ATLANTA – One week after a jury found George Zimmerman not guilty in the shooting death of unarmed teen Trayvon Martin, people gathered nationwide Saturday to press for federal civil rights charges against the former neighborhood watch leader and to call for changes in the nation’s self-defense laws.
The Florida case has become a flashpoint in separate but converging national debates on self-defense, guns and race relations. Zimmerman, who successfully claimed that he was protecting himself when he shot Martin, identifies as Hispanic. Martin was black.
For some attendees, particularly those who are black, the rallies seemed as much about those larger issues as about the verdict.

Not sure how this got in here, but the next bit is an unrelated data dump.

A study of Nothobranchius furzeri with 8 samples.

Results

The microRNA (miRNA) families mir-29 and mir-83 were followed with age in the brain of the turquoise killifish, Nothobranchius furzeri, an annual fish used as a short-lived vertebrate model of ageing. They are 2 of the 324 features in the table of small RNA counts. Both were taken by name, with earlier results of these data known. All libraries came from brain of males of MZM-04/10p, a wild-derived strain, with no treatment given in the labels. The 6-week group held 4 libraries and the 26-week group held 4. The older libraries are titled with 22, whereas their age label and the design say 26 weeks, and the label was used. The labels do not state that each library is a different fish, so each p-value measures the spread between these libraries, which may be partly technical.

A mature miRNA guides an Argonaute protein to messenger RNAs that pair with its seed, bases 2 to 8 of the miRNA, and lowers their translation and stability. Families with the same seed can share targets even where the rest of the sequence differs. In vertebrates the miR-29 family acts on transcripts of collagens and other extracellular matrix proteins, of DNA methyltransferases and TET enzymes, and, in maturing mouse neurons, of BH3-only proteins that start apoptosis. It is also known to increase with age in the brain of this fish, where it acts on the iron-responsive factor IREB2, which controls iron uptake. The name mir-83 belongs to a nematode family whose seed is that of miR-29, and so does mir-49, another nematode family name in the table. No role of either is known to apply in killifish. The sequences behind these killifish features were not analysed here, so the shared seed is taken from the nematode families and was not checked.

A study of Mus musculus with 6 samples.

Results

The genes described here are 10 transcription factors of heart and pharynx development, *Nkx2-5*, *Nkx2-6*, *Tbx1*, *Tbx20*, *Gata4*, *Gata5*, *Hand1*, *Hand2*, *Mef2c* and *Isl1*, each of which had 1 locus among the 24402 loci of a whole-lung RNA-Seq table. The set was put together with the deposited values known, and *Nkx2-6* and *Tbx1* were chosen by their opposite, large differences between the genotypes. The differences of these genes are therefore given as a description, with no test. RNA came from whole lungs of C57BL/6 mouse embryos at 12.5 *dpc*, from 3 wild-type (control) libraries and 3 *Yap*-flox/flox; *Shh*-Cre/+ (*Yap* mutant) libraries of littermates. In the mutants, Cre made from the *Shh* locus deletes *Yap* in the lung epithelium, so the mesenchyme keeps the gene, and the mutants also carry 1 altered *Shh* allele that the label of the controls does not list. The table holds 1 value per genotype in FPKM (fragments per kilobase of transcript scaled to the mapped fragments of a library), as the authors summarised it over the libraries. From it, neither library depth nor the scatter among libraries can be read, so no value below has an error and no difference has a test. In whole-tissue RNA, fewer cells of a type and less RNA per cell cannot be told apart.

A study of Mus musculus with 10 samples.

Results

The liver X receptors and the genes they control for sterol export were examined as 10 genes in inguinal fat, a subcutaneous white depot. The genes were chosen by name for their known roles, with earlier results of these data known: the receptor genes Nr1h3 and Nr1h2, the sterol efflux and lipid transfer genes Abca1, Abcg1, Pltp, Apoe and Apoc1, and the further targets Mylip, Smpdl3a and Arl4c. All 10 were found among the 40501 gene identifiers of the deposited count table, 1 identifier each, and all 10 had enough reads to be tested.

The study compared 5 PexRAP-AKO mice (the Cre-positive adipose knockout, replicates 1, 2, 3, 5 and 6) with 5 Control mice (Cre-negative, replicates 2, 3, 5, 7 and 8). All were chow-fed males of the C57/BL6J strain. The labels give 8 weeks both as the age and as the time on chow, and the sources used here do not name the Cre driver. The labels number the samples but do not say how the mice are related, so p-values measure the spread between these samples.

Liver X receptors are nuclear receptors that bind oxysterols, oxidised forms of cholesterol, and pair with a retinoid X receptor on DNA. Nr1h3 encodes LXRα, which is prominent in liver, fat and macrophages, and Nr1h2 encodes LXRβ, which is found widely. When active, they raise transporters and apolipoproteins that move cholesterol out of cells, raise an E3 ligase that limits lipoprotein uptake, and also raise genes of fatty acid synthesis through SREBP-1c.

“It’s personal,” said Cincinnati resident Chris Donegan, whose 11-year-old son wore a hoodie to the rally, as Martin did the night he died. “Anybody who is black with kids, Trayvon Martin became our son.”
The Rev. Al Sharpton’s National Action Network organized the “Justice for Trayvon” rallies and vigils outside federal buildings in at least 101 cities: from New York and Los Angeles to Wichita, Kan., and Atlanta, where people stood in the rain at the bases of two federal buildings, with traffic blocked on surrounding downtown streets.
Most rallies began at noon. In New York, hundreds of people – including Martin’s mother, Sybrina Fulton, and music superstars Jay Z and Beyonce – gathered in the heat.
Fulton told the crowd she was determined to fight for societal and legal changes needed to ensure that black youths are no longer viewed with suspicion because of their skin color.
“I promise you I’m going to work for your children as well,” she told the crowd.